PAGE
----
Every time I visit Bogotá’s central market of Paloquemao, I am amazed by the array of produce of all shapes and colours. The parking lot is full of flowers overflowing out of the back of trucks, while inside there stacks of grains and nuts, freezers loaded with cuts of meat, stalls lined with medicinal herbs to cure every ailment, cartons full of eggs carefully arranged by size and, of course, hundreds of different varieties of fruits and vegetables.

Beyond the incredible assortment of produce and the fun of “people watching” while drinking at the market’s entrance, Paloquemao represents the richness of a vibrant campesino culture that can be found throughout the country. Food is, after all, much more than the act of simply eating.

To know where our food comes from it to participate more fully in the complicatedly beautiful cycle of land, seeds, labour, transport, purchase, preparation, and consumption. In Colombia, it is rising at five in the morning to pick fruit in the backyard, it is an afternoon spent plucking chickens to prepare soup, it is a bicycle ride of many kilometres to plant yuca, it is laughter over fried fish and freshly ground corn formed into arepas to eat as a family.

Food is the rhythm of our days and the cycle of our lives, a cycle that directly depends on Colombian campesinos. Campesinos may not have a university, or often high school education, but they are the true experts when it comes to understanding seasonal cycles, soil care and food production. As a local coffee farmer explained, scooping up a handful of what appeared to be simple black dirt in his farm in Armenia,

“One must learn how to read the soil.” The stifled conversation previously inside his home became one of emotion and excitement. In the field, he pointed out each plant, explaining with precision exactly every step in the growing process. For over two hours, he taught us about erosion, the best planting times according to the moon, the important relationship between coffee and cocoa plants, the value of composting and more as he shared what he had learned through years of experience and hard work. The resulting cup of coffee that we shared was the perfect culmination his local knowledge. From statues of green onions and potatoes in plazas in Boyacá in honour of local crops, to ñame festivals on the coast, each region celebrates their agricultural specialty with pride. Beyond pride, however, local level production of these crops guarantees the livelihood of the majority of the families in the area.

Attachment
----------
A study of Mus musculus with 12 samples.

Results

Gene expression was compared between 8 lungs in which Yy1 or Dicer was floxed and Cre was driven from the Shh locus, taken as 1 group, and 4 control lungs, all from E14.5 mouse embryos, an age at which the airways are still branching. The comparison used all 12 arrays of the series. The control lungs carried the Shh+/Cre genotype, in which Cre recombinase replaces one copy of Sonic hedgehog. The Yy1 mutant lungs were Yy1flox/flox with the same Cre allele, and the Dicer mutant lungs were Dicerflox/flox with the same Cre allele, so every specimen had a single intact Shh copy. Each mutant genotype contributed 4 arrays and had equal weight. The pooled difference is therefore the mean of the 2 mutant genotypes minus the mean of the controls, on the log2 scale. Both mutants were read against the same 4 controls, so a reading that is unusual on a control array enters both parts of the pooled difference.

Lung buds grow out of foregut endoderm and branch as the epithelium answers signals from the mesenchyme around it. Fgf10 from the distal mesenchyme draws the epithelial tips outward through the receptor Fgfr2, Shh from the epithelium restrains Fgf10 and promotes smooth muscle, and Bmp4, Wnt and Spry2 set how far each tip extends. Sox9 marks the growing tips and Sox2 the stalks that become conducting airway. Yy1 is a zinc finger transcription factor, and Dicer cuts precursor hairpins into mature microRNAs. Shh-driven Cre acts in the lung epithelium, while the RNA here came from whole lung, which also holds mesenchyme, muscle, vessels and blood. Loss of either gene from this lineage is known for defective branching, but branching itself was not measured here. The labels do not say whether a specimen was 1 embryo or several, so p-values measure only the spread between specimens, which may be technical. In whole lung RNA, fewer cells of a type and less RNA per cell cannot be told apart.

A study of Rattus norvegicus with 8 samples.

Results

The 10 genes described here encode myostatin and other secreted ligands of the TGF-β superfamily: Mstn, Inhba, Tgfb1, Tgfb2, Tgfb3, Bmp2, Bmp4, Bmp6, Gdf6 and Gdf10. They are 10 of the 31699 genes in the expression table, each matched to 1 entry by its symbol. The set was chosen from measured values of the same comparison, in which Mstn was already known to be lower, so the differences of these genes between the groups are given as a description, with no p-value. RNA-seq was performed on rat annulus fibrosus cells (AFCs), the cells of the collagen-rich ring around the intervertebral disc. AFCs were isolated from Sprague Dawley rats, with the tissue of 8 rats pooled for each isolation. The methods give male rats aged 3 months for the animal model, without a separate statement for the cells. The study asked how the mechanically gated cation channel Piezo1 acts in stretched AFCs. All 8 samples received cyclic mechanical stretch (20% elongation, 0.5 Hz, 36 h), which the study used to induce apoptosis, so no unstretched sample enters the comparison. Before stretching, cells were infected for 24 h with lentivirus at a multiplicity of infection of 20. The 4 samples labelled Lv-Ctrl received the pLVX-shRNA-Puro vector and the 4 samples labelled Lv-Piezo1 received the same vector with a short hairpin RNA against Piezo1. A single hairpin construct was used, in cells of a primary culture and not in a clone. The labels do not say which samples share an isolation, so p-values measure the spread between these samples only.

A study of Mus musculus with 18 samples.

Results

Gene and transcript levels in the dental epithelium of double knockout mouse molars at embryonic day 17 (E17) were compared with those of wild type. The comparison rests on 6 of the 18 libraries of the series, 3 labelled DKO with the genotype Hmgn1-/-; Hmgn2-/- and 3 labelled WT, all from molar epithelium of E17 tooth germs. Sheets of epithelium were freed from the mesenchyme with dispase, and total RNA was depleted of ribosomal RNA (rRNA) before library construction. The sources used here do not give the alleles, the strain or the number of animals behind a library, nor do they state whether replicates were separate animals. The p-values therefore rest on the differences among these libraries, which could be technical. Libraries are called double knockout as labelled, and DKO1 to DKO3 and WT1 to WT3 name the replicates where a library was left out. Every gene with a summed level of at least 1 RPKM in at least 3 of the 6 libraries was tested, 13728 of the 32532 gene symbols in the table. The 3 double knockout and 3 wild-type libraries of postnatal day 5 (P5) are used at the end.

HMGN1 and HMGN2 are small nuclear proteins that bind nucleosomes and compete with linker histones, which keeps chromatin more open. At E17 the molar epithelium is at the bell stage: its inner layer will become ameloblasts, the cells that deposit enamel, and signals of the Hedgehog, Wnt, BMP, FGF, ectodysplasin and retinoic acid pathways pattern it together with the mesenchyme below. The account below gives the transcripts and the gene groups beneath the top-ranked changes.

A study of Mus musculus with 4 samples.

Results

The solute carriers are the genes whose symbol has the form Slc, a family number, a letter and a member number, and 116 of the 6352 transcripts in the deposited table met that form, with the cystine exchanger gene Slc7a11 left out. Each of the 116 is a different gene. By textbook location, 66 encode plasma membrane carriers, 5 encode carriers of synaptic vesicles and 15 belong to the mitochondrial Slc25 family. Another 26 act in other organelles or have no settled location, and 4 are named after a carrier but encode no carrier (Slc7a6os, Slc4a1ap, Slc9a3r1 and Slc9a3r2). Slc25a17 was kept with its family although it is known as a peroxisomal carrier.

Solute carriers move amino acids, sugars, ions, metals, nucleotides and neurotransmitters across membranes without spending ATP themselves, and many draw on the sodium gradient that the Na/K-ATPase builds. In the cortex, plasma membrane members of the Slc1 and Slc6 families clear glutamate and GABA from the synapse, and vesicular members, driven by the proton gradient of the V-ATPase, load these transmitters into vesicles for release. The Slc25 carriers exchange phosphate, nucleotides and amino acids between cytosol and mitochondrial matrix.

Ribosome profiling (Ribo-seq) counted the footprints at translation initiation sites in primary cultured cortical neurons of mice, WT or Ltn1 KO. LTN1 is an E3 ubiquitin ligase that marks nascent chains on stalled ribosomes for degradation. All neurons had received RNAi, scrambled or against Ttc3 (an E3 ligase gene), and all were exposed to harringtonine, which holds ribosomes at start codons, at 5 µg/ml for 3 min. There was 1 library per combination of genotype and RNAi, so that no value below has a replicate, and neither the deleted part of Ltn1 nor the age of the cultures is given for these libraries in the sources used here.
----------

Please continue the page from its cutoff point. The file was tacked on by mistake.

Additionally, by producing their own sustenance, family food security is ensured in areas where there are often no stores nearby. In the words of many, it is a way of life that: “Does not provide much money, but the dignity of living on the land is what it means to be truly wealthy.” Visit any small community in the department of Bolívar’s Montes de María mountains and chances are good that bundles of unhusked rice will be hanging from the rafters of straw roofs, to be eaten throughout the year. Small backyard gardens are filled with eggplants and tomatoes, while chickens and pigs root in the dirt nearby. Fruit is eaten in season to complement these everyday staples. Local seeds are stored for the next cycle of planting.

Yet the campesino lifestyle is not idyllic. Beyond the backbreaking work of tilling the soil by hand, many farming families do not have market access to sell their products. Plus, prices are often not high enough to justify transporting produce to market. Violence has forced many farmers to flee their land, along with agricultural policies and international trade deals that favour multinational companies and large scale farming over traditional methods. Oil producing palms are planted instead of food crops.

Despite these threats, campesinos refuse to change their way of life without a struggle. In 2013, thousands took to the streets to demand policy changes during a month long strike. Beyond simply striking, however, farmers also proactively work together for better lives.

In Istmina, Chocó, for example, a campesino group from several communities has formed a local cooperative and purchased a rice processing machine. Collectively, the processed rice can be sold for a higher price. These practices are replicated throughout the nation in many small communities, trying to ensure that farmers can earn a living and remain doing what they do best: feeding a nation.

From the country to the city, cycles of production and consumption are interconnected. The beautiful variety of fruit and vegetables at Paloquemao arrive from around the country. Each item is the story of an intimate relationship with soil and seeds and also of the need to safeguard small scale farming. The food of all of us, depends on the vibrancy of the campo.